Have you ever wanted to own a historic garden, one created by someone who’d made it and herself famous? What would it be like? If the gardener were deceased, would any of the garden remain? Would you ever feel like it was yours? Could you make changes, or would you only want to preserve it?
Once I finished Beautiful at All Seasons, I felt like I knew Elizabeth Lawrence’s garden, but I wanted to experience it. A week ago, we were 160 miles from Charlotte, North Carolina, the closest I would ever get. Not expecting anything, I emailed The Friends of Elizabeth Lawrence, now the Wing Haven Gardens, explained about how the Garden Bloggers’ Book Club was reading the book, and asked for a tour.
The next day I heard from Lindie Wilson, the owner of the home and one of the editors of the book, who very graciously agreed to give me a tour. She stressed that the garden had already peaked, but I found so much beauty remained.
This is the famous gate on the front cover of Beautiful at All Seasons and the bamboo Lawrence frequently mentioned in her columns. Wilson finally tamed it by placing a barrier in the ground which surrounded it and kept it in bounds.
As I walked up to the front door, I was curious about the garden and the woman who’d taken it on. As she wrote in the introduction, the burden of owning this treasure weighed heavily on her at times.
People came from near and far and asked to see it. In fact, two other women from Charleston came the day I did. Together, we trod the gravel walks and paths previously laid by Lawrence and now tended by Wilson.
Although Wilson knew Lawrence, both through her articles in The Charlotte Observer and the Charlotte Garden Club (the oldest gardening club in North Carolina,) Lawrence was very old and no longer gardening. When she purchased the property, Wilson never expected the enthusiasm of Lawrence’s devotees.
Wilson bought the property in 1986, and added her own stamp to the garden over the years. Sixty percent of the plants still remain from Lawrence’s original design. One hundred percent of the hardscape remains. Still, Wilson didn’t worry when she wanted to change some things because the garden was always a laboratory for plants, and she believed Lawrence would have approved.
I asked her why she thought Lawrence was growing so much plant material only now available in nurseries.
“She was on the cutting edge,” she said, “in touch with everyone in the nursery industry.”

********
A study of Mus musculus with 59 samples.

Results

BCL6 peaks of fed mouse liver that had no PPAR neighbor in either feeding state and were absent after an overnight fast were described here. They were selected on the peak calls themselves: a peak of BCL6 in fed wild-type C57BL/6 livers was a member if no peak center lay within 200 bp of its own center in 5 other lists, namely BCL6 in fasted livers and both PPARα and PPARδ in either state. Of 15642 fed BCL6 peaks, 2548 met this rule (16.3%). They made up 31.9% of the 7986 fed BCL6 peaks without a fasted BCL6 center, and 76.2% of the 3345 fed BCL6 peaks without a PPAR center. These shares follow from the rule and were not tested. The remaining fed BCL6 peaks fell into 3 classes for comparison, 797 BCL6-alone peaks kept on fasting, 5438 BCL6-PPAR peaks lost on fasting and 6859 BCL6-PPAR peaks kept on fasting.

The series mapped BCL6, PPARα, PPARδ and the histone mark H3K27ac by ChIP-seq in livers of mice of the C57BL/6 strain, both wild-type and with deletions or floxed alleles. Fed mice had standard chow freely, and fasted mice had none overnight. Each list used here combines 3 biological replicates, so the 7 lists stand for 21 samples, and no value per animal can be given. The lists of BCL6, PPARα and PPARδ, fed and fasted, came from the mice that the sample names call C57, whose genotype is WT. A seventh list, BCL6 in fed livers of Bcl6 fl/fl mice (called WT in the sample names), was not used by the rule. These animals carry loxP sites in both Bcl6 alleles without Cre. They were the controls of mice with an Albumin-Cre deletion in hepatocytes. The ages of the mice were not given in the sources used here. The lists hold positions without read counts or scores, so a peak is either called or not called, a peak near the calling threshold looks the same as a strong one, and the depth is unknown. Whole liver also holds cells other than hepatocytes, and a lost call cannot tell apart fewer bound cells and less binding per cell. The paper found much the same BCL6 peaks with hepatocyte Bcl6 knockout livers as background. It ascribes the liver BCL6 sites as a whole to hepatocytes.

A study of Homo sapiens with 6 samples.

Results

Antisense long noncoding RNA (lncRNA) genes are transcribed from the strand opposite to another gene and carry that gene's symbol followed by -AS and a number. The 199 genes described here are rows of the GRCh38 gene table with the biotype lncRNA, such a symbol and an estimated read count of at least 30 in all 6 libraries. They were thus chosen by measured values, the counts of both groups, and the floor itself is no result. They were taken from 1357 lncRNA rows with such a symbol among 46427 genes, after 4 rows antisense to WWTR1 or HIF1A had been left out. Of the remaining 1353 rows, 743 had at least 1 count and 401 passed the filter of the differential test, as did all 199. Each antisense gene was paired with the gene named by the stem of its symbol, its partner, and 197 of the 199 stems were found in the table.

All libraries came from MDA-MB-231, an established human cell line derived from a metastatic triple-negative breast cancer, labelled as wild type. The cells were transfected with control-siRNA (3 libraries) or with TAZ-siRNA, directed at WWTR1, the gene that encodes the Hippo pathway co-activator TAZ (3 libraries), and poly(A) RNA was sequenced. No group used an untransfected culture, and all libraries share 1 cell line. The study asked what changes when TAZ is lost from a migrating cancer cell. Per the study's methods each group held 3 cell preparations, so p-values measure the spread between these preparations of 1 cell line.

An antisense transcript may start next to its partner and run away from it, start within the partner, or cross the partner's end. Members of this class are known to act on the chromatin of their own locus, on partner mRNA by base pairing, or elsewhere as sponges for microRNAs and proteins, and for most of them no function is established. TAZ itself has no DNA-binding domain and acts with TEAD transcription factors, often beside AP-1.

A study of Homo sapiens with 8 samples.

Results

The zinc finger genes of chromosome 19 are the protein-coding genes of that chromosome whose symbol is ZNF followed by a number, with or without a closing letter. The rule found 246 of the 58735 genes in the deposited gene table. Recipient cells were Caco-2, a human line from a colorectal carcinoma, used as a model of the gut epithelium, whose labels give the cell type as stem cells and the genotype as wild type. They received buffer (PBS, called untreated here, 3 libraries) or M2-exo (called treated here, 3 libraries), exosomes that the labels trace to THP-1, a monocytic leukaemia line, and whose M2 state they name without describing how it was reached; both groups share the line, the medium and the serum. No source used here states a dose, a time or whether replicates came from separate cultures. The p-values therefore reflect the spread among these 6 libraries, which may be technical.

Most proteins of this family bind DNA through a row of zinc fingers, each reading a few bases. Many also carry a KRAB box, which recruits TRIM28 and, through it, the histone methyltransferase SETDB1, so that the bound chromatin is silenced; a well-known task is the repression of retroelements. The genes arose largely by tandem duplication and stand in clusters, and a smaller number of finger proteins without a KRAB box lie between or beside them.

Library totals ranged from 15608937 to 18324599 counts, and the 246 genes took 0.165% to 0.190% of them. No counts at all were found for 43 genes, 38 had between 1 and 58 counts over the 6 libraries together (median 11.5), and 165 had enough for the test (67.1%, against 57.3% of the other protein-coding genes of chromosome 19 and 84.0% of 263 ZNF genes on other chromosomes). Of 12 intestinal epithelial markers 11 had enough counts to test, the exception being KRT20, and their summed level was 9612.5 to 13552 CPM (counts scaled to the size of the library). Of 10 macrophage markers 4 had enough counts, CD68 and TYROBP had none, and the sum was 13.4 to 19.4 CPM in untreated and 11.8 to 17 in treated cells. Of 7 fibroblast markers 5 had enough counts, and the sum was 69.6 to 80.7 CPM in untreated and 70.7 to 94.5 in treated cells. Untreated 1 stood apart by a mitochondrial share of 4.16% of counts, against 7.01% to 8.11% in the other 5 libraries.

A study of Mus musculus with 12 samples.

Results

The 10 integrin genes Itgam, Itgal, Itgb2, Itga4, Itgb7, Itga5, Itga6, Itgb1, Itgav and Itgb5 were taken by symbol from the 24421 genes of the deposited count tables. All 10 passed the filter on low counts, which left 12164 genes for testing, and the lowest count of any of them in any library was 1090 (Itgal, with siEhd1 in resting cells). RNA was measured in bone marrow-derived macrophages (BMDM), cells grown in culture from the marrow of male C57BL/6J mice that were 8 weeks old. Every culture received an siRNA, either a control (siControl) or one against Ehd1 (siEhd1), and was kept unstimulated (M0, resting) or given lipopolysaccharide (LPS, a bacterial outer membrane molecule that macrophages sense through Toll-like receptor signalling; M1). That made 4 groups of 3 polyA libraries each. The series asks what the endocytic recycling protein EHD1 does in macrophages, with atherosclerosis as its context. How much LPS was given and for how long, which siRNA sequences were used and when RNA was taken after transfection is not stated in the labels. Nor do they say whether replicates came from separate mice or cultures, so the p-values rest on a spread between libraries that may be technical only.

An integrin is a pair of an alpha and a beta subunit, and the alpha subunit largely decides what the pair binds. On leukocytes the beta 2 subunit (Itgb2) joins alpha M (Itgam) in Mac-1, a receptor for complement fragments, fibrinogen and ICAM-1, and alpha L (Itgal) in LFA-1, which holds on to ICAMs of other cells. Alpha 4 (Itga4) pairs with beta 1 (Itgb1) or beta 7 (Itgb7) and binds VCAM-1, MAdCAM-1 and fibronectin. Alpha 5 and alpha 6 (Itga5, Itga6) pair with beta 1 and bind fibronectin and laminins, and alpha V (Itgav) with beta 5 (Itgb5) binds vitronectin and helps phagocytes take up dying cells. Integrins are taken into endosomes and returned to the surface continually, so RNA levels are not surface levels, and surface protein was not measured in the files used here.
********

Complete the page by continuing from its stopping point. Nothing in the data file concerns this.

Considering that Lawrence gardened at her home for over 35 years, and Wilson continued gardening there for over twenty years, the biggest change to the garden is in its maturity. What began as a sun garden has now become one of dappled shade due to the growth of the trees. The ‘Blue Billow’ Hydrangea at left was added by Wilson. It makes a lovely accent in the garden.
Most of the roses were finished with their spring bloom, but some of the varieties grown were ‘Bon Silene,’ Cl. ‘Old Blush’ (in the front yard,) ‘Darla’s Enigma,’ and ‘Bubblebath.’ Of these, I grow Cl. ‘Old Blush.’
Near the rear of the garden is one of the treasures, a Stewartia pseudocamellia often written about by Lawrence, is the largest tree of its type in North Carolina. It was blooming, and I took a photo of the blooms, but the tree towered over us.
The neighborhood where the garden is located has also changed. The older homes are being torn down and replaced by new ones.
“I’ve been worrying about the garden for the past ten years,” said Wilson. With the help of many agencies, including the National Garden Conservancy, Southern Garden History and the National Trust, she placed a conservation easement on the property in 2002.
Wilson will be turning the property over to the Wing Haven Foundation in a couple of months when she moves to a new home. In some fashion, it will be a release. She can then garden with a “clean palette” and no longer be concerned about what Lawrence would think. It will truly be her own.
“It will be a place I can really play,” she said.